Tuesday, 25 December 2012

The nine-day day and the drifter

My father with my brother in his arms, me beside him, Budapest 1955/6?


The midnight-mass bells have just stopped ringing in the abbey. The service has begun. The period between Christmas Eve and the New Year  has entered on its long extended day, a nine-day day in which life switches over and enters a new conceptual space.

It is a complex space: the nine days mark time more than birthdays do because they encompasses more than the personal. This great long day is in itself an emblem of world-time passing, an emblem of mortality. That is why Christmas deaths are so much more striking than normal deaths. At this time one should be switching gears not stalling for ever.

It is only now I truly realise that I am sixty-four. I don't think I realised it on my birthday which was an ordinary working day ending with a supper.  There is nothing special about the personal and particular days that mark our personal births: it is now, at the beginning of this nine-day period, this single slow-motion day, when the clock judders and wheezes, that the fact is driven home

I myself have been wheezing tonight, with a mild asthmatic cough, one I have had for several years though not every year - not last year for example. It tends to follow a sustained cold for some reason and makes conversation difficult because of the constant coughing and the pressure on the lungs. I can't remember when the cough first appeared. Maybe ten years ago, maybe more.

Well, that was then. In other respects I feel no different now from when I was in my twenties or thirties. Psychologically I don't think I am much older: wiser perhaps, at least I hope so, in the sense of being more genned up and generally cooler about things, but the mind itself feels the same, in the same essential condition.

That is perhaps the case with men more than women. Women have more distinct landmarks: the onset of menstruation, the loss of virginity, the first child, the leaving of the child, the menopause, and beside that, all the baggage of beauty in first flower that passes more clearly than it generally passes in men.  Older women can be beautiful of course - I know a good many that are - and am married to one who looks nothing like her years and still has all her girlish beauty about her.

Boys and men slide from one station to the next and, in an age without much ritual, simply find themselves in this or that position without any major intrinsic life marker. School, univerity, degrees and jobs - if that happens to be the pattern - are all extrinsic. Even fatherhood just happens, momentous as it is. It is a momentous event that happens to someone else and arrives at your door suddenly, not as a result of your labour. No wonder that one of the favourite male identification figures, in both books and films, is the drifter who blows into one place after another. Most men - and I include myself - have simply blown in. In that respect I feel very young, as if nothing has changed.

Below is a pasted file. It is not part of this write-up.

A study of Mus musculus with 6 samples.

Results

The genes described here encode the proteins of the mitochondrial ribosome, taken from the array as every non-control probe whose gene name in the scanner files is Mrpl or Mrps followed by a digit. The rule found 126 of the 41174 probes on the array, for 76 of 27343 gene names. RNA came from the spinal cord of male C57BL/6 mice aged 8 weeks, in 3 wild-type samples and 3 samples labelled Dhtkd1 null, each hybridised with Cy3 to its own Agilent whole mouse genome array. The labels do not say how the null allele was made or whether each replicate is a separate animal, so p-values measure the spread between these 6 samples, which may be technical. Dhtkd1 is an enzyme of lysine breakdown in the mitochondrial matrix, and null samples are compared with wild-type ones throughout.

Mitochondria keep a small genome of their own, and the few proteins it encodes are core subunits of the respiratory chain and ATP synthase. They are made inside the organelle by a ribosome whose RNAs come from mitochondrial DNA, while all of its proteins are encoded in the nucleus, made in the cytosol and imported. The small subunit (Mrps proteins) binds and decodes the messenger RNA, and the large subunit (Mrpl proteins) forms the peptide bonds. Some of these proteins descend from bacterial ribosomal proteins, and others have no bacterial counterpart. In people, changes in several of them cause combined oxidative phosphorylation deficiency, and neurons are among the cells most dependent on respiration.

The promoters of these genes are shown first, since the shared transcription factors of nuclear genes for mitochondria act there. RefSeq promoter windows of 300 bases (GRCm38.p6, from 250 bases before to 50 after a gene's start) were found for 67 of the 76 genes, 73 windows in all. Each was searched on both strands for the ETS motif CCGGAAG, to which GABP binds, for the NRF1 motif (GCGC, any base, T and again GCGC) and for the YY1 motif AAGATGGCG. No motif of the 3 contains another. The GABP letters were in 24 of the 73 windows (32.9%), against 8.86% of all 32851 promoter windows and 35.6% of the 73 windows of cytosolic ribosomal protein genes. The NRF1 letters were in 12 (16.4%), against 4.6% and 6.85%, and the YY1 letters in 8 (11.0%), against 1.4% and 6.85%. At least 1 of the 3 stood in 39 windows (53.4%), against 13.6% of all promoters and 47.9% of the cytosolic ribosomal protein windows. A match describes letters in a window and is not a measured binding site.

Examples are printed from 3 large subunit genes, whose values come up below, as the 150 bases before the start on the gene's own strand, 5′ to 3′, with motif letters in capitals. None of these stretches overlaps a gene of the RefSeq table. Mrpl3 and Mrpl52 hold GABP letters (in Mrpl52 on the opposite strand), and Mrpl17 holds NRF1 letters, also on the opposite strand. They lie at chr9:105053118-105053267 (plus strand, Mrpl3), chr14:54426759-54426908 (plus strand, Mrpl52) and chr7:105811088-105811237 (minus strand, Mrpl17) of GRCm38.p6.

I remember my father saying that he could not believe the age he was. It seemed funny then - he was always older than I was, and was always going to be. From my point of view he was conceptually 'old' from the start. Not so to himself, of course.

And yet I suspect - in him as in myself - that one part of the mind has always been aware, ever since manhood anyway, of a shadow form of old age, a figure that runs parallel with us from the time we enter marriage.

The result is that it is all rather dreamlike. Part of us remains a boy because nothing intrinsic has changed to tell us otherwise. So boy, man and elder run along together as part of a single dream being, a triple existence that runs on its own fuel. (I myself run up stairs, I can dance a good while without my heel touching the ground very often.) It feels like an all-but-eternal condition.

But of course it isn't. And that elder: doesn't he look fearfully like an old fool, a dotard, the old dotard who entered marriage and fatherhood with us, and who was conceptually 'old' to his children from the very start?

Ours is a tragi-comic, potentially productive condition. The dreams rampage on while the body, little by little, in small sharp steps, descends. But we still run up those steps and need to, even if they kill us at the end. As they surely will.



6 comments:

rae donaldson said...

Wise and moving words for Christmas morning.

George S said...

Thank you, Rae.

Anonymous said...

very beautiful, moving writing.

Anonymous said...

I really like what you have written here. Worth a tweet link certainly. I will list your blog at Poetry Kit and revist.

Anthony said...

So very true. Beautiful and profound, George. Thank you. When I was twenty or so, a friend of my family retired from his architectural profession. He had always been an inspiration for me. I asked him, what it felt like to be 65 and ending his career. He replied that he was still a boy my age, that despite his physical condition, nothing inside changed. It scared the hell out of me. Hell, it still does. Your point about the drifting from one status to another is well-made. We need more rites of passage.

George S said...

Thank you for the comments. The rites of passage have certainly gone missing, Anthony, though some Americans like Robert Bly in Iron John have tried to put them back. But I don't think they will quite go back, not the way they were unless we have a technological disaster.

I don't mind the drifting state myself. It is, if nothing else, a definition of some sort, not unheroic in its way. Somewhere between Peter Pan, Han Solo and Clint Eastwood is a possible if much simplified myth figure. Both men and women need myths to refer to but most male myths have been diminished or declared redundant. These remain and are, I think, more than workable. It is where many men find themselves now at any rate.